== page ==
Uncertainty Abounds as Shutdown Deadline Nears
With three days remaining before the government runs out of money, lawmakers have yet to settle on a strategy to keep the lights on -- and resolve multiple extraneous but significant issues including health care, immigration and defense spending.
Republicans are eyeing a short-term stopgap measure -- a continuing resolution, or CR -- to avoid a shutdown this week and kick the broader debate about spending to later in December. But there is disagreement within the House GOP conference about how long that short-term measure should last, with some conservatives pushing for a later date than party leadership wants.
Republicans had been expecting to consider that short-term legislation in the House Rules Committee Tuesday, but delayed that by a day, needing more time to negotiate within the conference. Democrats, meanwhile, have yet to say how they would vote on a stopgap measure this week, but a Whip Steny Hoyer suggested Tuesday that Republicans should not count on Democratic votes.
The amount of government funding itself is an issue -- lawmakers hope to negotiate spending levels that go above mandatory sequestration budget caps, but have yet to reach an agreement on those numbers. The main complication, however, involves myriad extraneous issues that could get tied into the spending debate.
Democrats, and several dozen moderate Republicans, want to see a legislative solution for immigrants who came to the United States illegally as children -- known as “Dreamers” -- before the end of the year. Democrats and some Republicans in the Senate also hope to pass bipartisan legislation to shore up the Affordable Care Act marketplace, and lawmakers hope to reauthorize the Children’s Health Insurance Program. Also lingering are the expiring federal flood insurance program, and another round of disaster relief money for areas damaged by hurricanes.
Republicans had appeared to settle on a strategy to fund the government through Dec. 22, and released legislation over the weekend to do just that. But conservatives in the House Freedom Caucus balked, pushing instead for a CR lasting until Dec. 30. Their fear is that with Republicans likely to pass a final version of their tax overhaul just before Christmas, some Republicans could use their votes there as leverage for extraneous priorities in the spending bill.
“If they’re coming through at the same time, I think it just makes it that much more likely that people say, ‘In order to vote for the tax bill, I’m going to need X,’ whatever X happens to be,” said Rep. Jim Jordan, a top Freedom Caucus member.
Some defense hawks are also pushing to separate out defense spending and fund the military for a full year while doing just a short-term solution for domestic programs, an approach Democratic senators would likely reject. Any spending bill in the Senate would require 60 votes, meaning Democratic support is necessary.
Still, amid those many contentious issues, perhaps the most volatile is DACA -- President Obama’s executive order providing temporary status to children brought to this country illegally. President Trump earlier this year cancelled the program, effective March 2018. Republican leaders have shown little willingness to get jammed on a DACA solution in December with the deadline three months away, but many Democrats are hoping to use their leverage on spending to force the issue. There is pressure within the GOP as well; three dozen House Republicans sent a letter to Speaker Paul Ryan Tuesday demanding a solution on DACA this year.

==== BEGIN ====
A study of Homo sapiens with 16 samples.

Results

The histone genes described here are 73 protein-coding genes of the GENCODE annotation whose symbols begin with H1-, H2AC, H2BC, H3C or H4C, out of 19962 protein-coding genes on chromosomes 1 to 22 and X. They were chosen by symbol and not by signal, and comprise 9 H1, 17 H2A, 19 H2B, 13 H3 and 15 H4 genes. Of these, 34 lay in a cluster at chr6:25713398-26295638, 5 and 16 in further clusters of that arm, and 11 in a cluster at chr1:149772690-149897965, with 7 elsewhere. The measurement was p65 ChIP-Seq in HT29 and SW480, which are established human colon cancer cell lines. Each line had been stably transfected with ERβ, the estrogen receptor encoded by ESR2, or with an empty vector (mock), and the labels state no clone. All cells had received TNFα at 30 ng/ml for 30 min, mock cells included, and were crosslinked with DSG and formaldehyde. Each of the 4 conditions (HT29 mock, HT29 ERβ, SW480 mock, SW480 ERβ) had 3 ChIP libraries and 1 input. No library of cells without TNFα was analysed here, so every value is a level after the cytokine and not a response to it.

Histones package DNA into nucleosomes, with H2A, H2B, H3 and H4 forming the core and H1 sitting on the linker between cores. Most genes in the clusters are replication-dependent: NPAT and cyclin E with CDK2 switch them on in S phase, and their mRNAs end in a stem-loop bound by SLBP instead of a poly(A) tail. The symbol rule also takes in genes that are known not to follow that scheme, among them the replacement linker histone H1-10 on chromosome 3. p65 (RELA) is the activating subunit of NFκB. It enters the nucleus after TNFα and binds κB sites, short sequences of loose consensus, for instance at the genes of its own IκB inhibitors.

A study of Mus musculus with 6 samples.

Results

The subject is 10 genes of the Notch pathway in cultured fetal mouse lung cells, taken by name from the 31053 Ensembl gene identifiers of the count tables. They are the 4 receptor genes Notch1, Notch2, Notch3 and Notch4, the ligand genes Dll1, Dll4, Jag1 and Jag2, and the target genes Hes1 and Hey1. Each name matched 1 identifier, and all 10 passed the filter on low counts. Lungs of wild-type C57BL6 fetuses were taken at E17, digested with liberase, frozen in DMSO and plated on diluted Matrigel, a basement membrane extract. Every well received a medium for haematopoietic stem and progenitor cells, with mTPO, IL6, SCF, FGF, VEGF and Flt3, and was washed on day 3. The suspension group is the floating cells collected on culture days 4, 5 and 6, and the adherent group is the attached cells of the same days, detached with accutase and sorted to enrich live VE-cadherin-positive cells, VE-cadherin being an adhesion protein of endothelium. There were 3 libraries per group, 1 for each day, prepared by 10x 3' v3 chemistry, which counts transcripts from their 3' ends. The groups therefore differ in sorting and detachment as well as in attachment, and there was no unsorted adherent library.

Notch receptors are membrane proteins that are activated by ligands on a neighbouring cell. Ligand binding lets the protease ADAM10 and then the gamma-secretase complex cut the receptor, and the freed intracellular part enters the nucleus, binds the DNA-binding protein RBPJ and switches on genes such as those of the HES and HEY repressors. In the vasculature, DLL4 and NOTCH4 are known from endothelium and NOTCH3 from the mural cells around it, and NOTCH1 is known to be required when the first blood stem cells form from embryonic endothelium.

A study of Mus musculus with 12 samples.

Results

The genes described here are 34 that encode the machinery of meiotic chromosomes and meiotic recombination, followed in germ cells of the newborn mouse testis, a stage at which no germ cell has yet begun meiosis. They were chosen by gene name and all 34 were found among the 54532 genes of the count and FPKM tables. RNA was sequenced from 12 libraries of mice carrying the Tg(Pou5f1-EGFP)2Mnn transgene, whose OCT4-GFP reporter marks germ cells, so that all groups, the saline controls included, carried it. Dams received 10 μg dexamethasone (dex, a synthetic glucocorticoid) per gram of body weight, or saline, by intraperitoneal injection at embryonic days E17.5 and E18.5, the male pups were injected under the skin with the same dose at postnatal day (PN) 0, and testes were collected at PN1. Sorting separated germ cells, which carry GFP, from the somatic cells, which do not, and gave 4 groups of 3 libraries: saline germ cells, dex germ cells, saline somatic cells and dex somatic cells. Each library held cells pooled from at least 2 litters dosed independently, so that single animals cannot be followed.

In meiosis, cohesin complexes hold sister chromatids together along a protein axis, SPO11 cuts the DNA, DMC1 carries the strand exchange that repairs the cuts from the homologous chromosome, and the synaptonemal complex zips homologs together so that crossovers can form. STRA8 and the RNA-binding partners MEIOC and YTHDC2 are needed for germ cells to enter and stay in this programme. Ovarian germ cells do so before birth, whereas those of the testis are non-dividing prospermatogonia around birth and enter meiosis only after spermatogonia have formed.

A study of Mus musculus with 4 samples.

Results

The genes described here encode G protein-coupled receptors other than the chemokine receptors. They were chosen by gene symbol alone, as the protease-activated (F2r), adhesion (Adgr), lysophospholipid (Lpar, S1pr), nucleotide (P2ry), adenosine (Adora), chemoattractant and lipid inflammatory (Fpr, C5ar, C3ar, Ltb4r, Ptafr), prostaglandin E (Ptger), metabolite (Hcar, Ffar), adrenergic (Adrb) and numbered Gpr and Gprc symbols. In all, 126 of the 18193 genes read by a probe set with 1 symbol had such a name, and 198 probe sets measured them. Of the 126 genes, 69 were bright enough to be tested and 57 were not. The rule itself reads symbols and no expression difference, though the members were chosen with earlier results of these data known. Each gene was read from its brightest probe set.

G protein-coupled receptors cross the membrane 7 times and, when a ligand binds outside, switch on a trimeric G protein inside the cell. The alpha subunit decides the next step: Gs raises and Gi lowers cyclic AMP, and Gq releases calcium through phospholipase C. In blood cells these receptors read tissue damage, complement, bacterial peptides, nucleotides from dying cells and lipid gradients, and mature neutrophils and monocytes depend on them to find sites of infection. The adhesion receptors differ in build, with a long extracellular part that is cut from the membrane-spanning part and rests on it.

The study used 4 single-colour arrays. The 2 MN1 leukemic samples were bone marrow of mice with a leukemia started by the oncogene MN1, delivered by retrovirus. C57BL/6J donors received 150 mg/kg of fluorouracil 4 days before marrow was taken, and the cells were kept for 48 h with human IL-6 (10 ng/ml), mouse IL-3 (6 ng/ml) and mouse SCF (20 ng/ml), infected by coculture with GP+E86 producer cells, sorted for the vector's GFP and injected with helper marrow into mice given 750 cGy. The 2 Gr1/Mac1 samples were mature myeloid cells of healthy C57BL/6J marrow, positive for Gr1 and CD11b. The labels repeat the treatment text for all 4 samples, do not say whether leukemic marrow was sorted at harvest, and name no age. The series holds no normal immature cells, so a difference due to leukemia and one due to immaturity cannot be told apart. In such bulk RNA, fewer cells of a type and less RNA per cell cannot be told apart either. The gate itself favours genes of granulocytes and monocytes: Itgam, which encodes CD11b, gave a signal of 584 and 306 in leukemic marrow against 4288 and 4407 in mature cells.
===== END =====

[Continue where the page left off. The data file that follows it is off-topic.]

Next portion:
The Washington Post reported last week that Sen. Dick Durbin, the second-ranking Democrat, was encouraging his colleagues to vote against any spending bill without a solution secured on DACA, and several prominent Democratic senators have taken that position publicly. Sen. John Cornyn, the second-ranking Republican, criticized the approach Tuesday.
“It simply does not advance the interests of these DACA recipients to try to force this into a shutdown narrative and to jeopardize our national security and other governmental functions just in order to help these young adults,” Cornyn said.
Durbin and Cornyn’s back-and-forth reflects the stalled nature of public negotiations over DACA. Cornyn and Sen. Chuck Grassley, the Judiciary Committee chairman, offered legislation pairing temporary relief for Dreamers with several border security and enforcement provisions that are GOP priorities. Durbin rejected that offer, however, because it was only a temporary DACA solution, and he is pushing for passage of the DREAM Act, which provides a pathway to citizenship.
Democrats are not necessarily unified on the immigration strategy, and many are keeping their powder dry as negotiations among leaders continue. Sen. Jon Tester of Montana said he wanted a solution for DACA, and believes it is possible to reach one this year, but he did not advocate tying that to the spending fight.
“I’m just telling you I’m not going to shut the government down. I’m just not going to do it,” Tester said.
Sen. Claire McCaskill said her priorities for the spending bill included the Obamacare fix, a solution for Dreamers and funding for the children’s health program. But she declined to say whether her vote was dependent on any of those issues.
“I’m not going to draw a line in the sand until I see what it looks like,” she said.